Please join us on Tuesday, November 9, at 7:00 pm via Zoom for a presentation and discussion by Rabbi Leonard Scharzer, MD. In the abortion debate in the United States, most Jews politically align themselves with the “pro-choice” camp. For many, the reason is that they do not believe government should be involved in such personal, private decisions rather than a particular attitude toward abortion itself. We will look at biblical and Talmudic texts as well as later halakhic writing to see what actually is the “Jewish” position on abortion, and in fact, is there a single “Jewish” view? How has this view changed over the millennia and how does Jewish thought relate to the various positions fueling the abortion debate in American politics.
About the speaker: Leonard A. Sharzer is Associate Director Emeritus of the Finkelstein Institute for Religious and Social Studies at The Jewish Theological Seminary.
A native of Boston, Rabbi Sharzer graduated from Boston University School of Medicine and completed residency training in general surgery at the University of Iowa, earning an MS in surgery for work in organ preservation for transplantation. He received a Fulbright Scholarship to do research in microsurgery in Melbourne, Australia, and worked as a Registrar at the West of Scotland Regional Plastic Surgery Unit in Glasgow, Scotland.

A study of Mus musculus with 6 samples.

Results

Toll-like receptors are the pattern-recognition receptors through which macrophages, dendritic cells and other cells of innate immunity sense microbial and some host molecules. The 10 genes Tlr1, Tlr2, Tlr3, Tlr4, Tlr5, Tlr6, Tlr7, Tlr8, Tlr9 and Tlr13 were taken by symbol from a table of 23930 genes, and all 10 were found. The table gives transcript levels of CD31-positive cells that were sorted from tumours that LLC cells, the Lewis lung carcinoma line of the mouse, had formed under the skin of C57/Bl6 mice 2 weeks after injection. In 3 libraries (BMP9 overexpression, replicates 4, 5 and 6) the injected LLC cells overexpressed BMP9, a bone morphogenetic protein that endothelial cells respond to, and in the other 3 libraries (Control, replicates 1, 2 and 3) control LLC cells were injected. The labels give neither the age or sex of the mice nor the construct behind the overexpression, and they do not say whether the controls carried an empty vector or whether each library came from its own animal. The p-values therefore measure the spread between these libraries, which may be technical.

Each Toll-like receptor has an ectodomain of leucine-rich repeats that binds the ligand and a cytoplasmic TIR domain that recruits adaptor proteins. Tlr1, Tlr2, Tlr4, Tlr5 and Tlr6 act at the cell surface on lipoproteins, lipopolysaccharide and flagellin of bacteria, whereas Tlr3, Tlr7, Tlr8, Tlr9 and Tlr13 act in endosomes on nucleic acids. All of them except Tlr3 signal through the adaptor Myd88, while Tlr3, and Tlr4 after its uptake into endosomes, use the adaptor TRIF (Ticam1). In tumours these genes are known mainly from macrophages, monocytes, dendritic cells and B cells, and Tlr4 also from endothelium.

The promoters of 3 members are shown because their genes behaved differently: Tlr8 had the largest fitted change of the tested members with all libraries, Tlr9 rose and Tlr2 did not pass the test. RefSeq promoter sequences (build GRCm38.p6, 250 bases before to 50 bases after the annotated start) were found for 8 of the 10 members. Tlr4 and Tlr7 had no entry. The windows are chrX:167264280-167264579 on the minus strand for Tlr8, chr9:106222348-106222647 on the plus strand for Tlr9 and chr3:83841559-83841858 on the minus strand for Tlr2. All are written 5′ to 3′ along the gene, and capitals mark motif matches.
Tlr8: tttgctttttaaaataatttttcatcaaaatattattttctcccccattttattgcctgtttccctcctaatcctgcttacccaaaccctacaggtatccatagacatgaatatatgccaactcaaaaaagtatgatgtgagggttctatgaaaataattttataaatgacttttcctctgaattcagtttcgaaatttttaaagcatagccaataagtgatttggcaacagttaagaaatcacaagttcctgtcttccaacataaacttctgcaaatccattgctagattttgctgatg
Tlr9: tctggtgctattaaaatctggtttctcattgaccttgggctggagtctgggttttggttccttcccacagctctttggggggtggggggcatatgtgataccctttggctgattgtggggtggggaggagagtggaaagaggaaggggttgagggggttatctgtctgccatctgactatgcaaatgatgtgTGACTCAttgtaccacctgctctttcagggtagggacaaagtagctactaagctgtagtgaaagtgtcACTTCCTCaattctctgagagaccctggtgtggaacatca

In 1978, he moved to New York to join the faculty of the Albert Einstein College of Medicine of Yeshiva University, where he attained the rank of Clinical Professor. He retired from medical practice in 1999 to enter The Rabbinical School at The Jewish Theological Seminary, where he was ordained in May, 2003.
In addition to his publications in the medical literature, he is the author of two responsa of the Committee on Jewish Law and Standards of the Rabbinical Assembly “Organ Donation after Cardiac Death,” and most recently “Transgender Jews and Halakhah.” He contributed an essay on “Religious Attitudes toward Gender Confirming Surgery” to a plastic surgery textbook and co-edited “The Changing Face of the American Jewish Family,” which came out last November.